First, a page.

RALPH WALDO ELLISON
Ralph Waldo Ellison was born in Oklahoma City on March 1, 1914 and named after the famous American writer and celebrator of self-reliance and non-conformity, Ralph Waldo Emerson.
His parents came from South Carolina. His father, Lewis Alfred Ellison, worked as a construction worker; he died when Ellison was only three years old. His mother, Ida Millsap Ellison, was a strong intellectual and a Socialist. She supported the family by working as a domestic servant, but also canvassed for the Socialist party and was jailed several times for protesting housing discrimination.
The young Ellison studied the cornet under the founder of the Oklahoma Symphony and developed a strong interest in jazz, moving in a circle of friends who later became members of the Count Basie Orchestra. Ellison considered a career in jazz for himself, for he had also become an accomplished trumpet player. In 1933, he began musical studies at the Tuskegee Institute, founded by Booker T. Washington, and then moved to New York.
Once there, he met members of the Harlem Renaissance, including Langston Hughes and Richard Wright, both of who encouraged Ellison to write. Ellison was employed with the Federal Writers Project as a researcher from 1938 to 1942. During this time, he published short stories and essays in various magazines. In 1942, he became the editor of Negro Quarterly, where he served for a year.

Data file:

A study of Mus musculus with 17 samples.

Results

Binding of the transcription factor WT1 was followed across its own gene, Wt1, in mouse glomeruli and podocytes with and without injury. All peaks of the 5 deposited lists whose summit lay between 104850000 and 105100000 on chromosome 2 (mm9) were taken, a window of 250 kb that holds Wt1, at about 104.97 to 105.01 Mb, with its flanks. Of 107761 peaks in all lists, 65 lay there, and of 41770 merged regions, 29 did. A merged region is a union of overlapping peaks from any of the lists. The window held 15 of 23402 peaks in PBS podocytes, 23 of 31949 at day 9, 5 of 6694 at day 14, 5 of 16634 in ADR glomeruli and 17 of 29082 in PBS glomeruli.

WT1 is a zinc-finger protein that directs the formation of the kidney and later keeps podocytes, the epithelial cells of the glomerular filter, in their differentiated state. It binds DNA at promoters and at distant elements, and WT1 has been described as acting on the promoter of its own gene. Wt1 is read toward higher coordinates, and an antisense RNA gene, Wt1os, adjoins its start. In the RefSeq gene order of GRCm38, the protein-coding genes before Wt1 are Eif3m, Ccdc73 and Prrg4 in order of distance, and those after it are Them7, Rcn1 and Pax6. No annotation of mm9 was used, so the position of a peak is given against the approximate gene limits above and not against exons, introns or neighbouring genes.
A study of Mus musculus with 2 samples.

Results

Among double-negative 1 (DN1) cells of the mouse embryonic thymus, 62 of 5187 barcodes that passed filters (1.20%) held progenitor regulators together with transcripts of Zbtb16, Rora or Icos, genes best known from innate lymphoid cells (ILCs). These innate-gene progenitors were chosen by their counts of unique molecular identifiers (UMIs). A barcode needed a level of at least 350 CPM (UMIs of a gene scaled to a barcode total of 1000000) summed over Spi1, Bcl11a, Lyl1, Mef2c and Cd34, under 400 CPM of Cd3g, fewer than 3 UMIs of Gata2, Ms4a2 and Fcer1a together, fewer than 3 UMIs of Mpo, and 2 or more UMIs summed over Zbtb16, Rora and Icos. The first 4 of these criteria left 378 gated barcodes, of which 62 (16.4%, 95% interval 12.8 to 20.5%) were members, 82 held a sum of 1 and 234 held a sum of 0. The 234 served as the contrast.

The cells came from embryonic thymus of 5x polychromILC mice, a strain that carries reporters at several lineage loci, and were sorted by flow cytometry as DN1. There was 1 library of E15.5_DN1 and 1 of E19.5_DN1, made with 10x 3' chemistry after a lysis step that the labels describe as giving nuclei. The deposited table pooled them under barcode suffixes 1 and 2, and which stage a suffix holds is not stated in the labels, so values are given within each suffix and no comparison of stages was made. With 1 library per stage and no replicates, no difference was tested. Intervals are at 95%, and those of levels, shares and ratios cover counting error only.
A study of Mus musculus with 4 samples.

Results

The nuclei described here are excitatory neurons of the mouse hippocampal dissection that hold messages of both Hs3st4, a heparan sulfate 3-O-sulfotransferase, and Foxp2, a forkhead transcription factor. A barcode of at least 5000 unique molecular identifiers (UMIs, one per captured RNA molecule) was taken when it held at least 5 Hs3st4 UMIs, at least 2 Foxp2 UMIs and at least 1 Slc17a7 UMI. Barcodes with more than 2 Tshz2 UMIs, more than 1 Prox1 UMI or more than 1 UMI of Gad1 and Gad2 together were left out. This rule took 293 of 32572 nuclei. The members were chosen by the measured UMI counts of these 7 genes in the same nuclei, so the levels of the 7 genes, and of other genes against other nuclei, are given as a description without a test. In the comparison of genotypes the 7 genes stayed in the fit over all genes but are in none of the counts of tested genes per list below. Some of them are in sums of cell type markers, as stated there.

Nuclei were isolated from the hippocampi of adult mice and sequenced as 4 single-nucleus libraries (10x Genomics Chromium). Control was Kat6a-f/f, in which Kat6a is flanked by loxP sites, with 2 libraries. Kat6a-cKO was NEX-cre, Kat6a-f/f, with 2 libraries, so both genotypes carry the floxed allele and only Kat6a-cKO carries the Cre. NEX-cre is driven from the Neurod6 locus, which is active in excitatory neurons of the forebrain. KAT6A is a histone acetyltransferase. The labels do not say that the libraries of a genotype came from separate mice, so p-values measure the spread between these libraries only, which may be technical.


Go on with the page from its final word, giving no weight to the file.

In 1943, Ellison joined the Merchant Marines and served during World War II. After the war, he married Fanny McConnell in 1946. He also began to write his novel, Invisible Man, with the help of a Rosenwald Fellowship. It took him seven years to complete the novel, but it was a best seller and won him the National Book Award in 1953.
Because of the attention he received for Invisible Man, he became a professor, teaching at Bard College, the University of Chicago, and Rutgers University. He also traveled extensively and lectured in Austria and Germany, as well as at Yale University and UCLA. He also continued to write and has published two volumes of essays, Shadow and Act and Going to the Territory. In 1963, Ellison was granted a Doctor of Philosophy in Humane Letters from Tuskegee.